The best solar PV solar installation deals in Queensland, Australia

Finding Queensland’s best solar power deals

by James Martin II on May 4, 2012

in QLD,Solar and Renewable Energy Policy,State Government solar feed-in tariffs

With a strong Solar Feed-in Tariff, Queensland remains the best state in Australia for solar power. Queenslanders who install an eligible solar PV systems may sign up for the most generous state-based solar incentive scheme in Australia, receiving 44c for every unit of solar electricity that you feed into the power grid. Receiving the most benefit from the Solar Feed-in Tariff requires first finding the best solar power system deal in the state..

Solar power in Queensland: Get the most out of the Sunshine State’s sun

How much solar power will my system produce?

As the nickname ‘the Sunshine State’ suggests, Queensland is blessed with plentiful solar irradiation. Depending on the part of the state in question, Queensland receives an an annual average of around 4.2 hours of full sun per day–more in summer, less in winter. Since the job of solar PV is to capture the sun’s energy and turn it into electricity, the amount of power your system generates will depend on the size of your system. For example, a 1kW system will generate 4.2 kilowatt-hours per day in a typical Queensland location.

What size solar system do I need?

The best way to figure out what system size you need is to start with your power bill.  How many units (kilowatt-hours) of electricity did your home use over the last quarter? Divide this number by 91 days, and you’ll have a rough idea of how much power you use on a daily basis (keeping in mind seasonal fluctuations–e.g. air conditioner or heater usage). As a rule of thumb, however, it’s useful to keep in mind that the average 3-person home uses about 20 kilowatt-hours per day. Generally speaking a 5-kilowatt system will produce enough power to pay for most of a home’s power bill.

However, not everyone aims to completely eliminate their power bill–some might simply want to reduce it. Whether to buy a smaller or larger system is generally depends on the budget that is available for the project. Remember that a solar PV system can afford a household with a better return on investment than most savings accounts, especially considering the fact that solar system prices are lower now than they ever have been before.

What incentives are available?

Solar Credits

All properly-installed PV systems are eligible for rebates through the federal government’s Federal Government’s Solar Credit Scheme. A home or business will usually receive an up-front discount on their system thanks to Renewable Energy Certificates (RECs), for which the solar system installer will ordinarily handle the paperwork. Renewable Energy Certificates are a market commodity, so their price fluctuates–they have been as low as $14 each and as high as $40 each. At the time of writing, they hover around $25.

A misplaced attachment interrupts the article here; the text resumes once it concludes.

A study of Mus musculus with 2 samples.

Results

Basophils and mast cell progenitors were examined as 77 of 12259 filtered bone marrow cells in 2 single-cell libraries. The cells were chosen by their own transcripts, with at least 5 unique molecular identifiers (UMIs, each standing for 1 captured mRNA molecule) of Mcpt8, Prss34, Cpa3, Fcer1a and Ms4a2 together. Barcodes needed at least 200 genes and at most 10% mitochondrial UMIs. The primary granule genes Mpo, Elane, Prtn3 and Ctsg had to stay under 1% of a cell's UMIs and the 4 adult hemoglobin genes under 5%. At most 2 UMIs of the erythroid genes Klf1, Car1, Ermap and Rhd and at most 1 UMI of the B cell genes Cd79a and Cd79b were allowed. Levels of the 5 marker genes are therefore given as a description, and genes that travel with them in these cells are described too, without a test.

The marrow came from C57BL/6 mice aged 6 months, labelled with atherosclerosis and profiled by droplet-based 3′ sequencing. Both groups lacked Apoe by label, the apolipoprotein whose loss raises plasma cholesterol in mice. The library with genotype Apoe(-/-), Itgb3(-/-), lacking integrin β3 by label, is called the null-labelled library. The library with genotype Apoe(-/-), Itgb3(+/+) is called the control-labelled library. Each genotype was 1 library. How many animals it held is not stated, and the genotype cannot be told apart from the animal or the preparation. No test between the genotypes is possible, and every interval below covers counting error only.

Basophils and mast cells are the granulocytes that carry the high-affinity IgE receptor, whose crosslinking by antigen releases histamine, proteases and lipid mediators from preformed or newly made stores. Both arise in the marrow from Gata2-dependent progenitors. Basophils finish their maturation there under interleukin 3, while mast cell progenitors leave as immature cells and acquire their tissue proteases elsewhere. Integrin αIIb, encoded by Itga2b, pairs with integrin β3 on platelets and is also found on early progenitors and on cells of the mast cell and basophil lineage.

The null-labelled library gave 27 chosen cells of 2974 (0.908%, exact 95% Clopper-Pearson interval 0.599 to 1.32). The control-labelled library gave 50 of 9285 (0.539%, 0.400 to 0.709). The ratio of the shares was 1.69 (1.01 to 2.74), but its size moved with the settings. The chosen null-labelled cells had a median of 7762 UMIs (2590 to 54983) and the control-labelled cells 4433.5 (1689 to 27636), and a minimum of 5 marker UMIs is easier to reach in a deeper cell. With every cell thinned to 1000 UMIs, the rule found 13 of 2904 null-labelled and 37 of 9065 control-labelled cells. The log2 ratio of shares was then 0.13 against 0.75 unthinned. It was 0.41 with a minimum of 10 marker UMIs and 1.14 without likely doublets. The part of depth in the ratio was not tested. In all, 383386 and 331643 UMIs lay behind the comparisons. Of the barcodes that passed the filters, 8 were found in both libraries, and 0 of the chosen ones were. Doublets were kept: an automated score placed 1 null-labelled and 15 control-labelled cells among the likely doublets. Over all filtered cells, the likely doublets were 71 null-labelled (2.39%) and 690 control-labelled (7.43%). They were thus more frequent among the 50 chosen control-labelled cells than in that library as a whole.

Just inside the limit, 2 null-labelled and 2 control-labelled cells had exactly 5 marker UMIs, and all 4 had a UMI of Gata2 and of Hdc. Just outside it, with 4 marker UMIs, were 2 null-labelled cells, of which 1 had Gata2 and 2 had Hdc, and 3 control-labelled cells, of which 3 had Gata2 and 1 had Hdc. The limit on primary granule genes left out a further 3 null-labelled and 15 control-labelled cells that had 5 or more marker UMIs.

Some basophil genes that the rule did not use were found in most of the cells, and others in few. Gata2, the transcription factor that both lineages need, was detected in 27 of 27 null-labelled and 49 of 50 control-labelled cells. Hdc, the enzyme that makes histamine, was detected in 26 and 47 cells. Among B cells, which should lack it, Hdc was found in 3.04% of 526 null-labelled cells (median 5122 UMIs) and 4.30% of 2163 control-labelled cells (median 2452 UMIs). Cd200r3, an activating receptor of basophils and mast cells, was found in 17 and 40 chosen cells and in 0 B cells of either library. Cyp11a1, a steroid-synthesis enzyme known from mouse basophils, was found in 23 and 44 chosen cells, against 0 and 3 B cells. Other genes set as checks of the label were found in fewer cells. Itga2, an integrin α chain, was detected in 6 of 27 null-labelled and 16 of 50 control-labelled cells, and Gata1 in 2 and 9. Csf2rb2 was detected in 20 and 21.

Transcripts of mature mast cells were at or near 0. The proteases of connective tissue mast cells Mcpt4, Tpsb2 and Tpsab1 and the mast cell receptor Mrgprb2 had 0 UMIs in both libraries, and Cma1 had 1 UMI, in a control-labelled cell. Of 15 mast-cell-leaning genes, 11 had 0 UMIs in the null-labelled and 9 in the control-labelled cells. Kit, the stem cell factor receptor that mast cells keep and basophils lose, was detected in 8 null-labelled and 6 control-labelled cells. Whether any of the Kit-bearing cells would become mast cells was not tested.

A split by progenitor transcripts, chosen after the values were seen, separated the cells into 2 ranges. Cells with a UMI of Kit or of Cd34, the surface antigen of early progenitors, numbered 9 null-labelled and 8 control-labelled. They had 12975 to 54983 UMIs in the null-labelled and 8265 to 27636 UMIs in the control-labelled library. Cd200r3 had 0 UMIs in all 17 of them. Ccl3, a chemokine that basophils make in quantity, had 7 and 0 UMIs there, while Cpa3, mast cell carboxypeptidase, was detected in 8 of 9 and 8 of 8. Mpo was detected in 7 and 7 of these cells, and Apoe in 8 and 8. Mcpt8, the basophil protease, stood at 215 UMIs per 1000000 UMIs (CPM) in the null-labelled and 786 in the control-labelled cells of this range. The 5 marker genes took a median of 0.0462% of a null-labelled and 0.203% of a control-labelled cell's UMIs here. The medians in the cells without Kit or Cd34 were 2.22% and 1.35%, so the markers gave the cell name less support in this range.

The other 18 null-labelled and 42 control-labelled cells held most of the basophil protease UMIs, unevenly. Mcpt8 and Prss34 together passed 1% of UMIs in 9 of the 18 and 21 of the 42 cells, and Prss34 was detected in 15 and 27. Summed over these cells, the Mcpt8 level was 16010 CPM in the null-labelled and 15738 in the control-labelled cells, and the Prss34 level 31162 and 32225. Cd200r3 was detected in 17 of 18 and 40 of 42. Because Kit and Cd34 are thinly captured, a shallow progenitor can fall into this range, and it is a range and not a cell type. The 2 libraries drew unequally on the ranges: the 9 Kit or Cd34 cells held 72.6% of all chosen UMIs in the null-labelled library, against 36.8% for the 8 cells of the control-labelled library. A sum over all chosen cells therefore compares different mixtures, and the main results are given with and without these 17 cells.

Most of Queensland is in REC Zone 3. A 5kW solar power system installed located in REC Zone 3 would result in eligibility for a base number of 103 RECs/STCs, but when the Solar Credit REC Multiplier is taken into account (currently 2x until 1 July 2013), the system would pick up an additional 34 bonus credits, bringing the grand total to 149. With an assumed REC price of $30, this means an up-front discount of $4,470.

Queensland Solar Feed-in Tariff

Queensland’s Solar Feed-in Tariff is the the most generous in the country. Queensland residents with grid-connected systems will receive 44c for every kilowatt-hour that they export to the grid–more than double the average retail electricity rate for the state–although electricity prices are rising in Queensland.

Timing is essential in getting the most financial benefit from your solar system’s performance. Since the Queensland Solar Feed-in Tariff is a net scheme, homes and businesses only get paid for excess electricity exported to the grid, and since the Feed-in Tariff rate is greater than retail electricity rates, it makes more sense to export as much as possible–although ‘self-consumption’ will also save money by making purchasing power from the grid in the first place unnecessary.

Update 10 July 2012: The Queensland Solar Bonus Feed-in Tariff rate has been reduced to 8c/kWh, but returns on investment for a solar PV system are still good, especially in light of the rising cost of electricity. What are the economics of solar power in the Sunshine state under the new rate?

How to find the best deals on Solar Power in Queensland

Solar Choice, as Australia’s free Solar Energy Brokering and advice service, connects solar PV customers with installers who service their area. We provide comprehensive quote comparisons of solar power installations throughout the country–including both urban and regional Queensland. With a bird’s eye view of the solar power market, Solar Choice is uniquely poised to identify the best deals on offer and facilitate our customers to find the solar system that best suits their needs and budget. Request a Solar Quote Comparison today by filling out the form to the right of this page, or call us on 1300 78 72 73. Queensland State Manager Henry Walcott (based in Brisbane) can also be contacted directly on 0406 979 853, or via email: henry@solarchoice.net.au.

© 2012 Solar Choice Pty Ltd 

(Top image via KidsMaps)

James Martin II

James holds a master's degree in environmental management from UNSW. He has been working as analyst and online development manager for Solar Choice since 2011.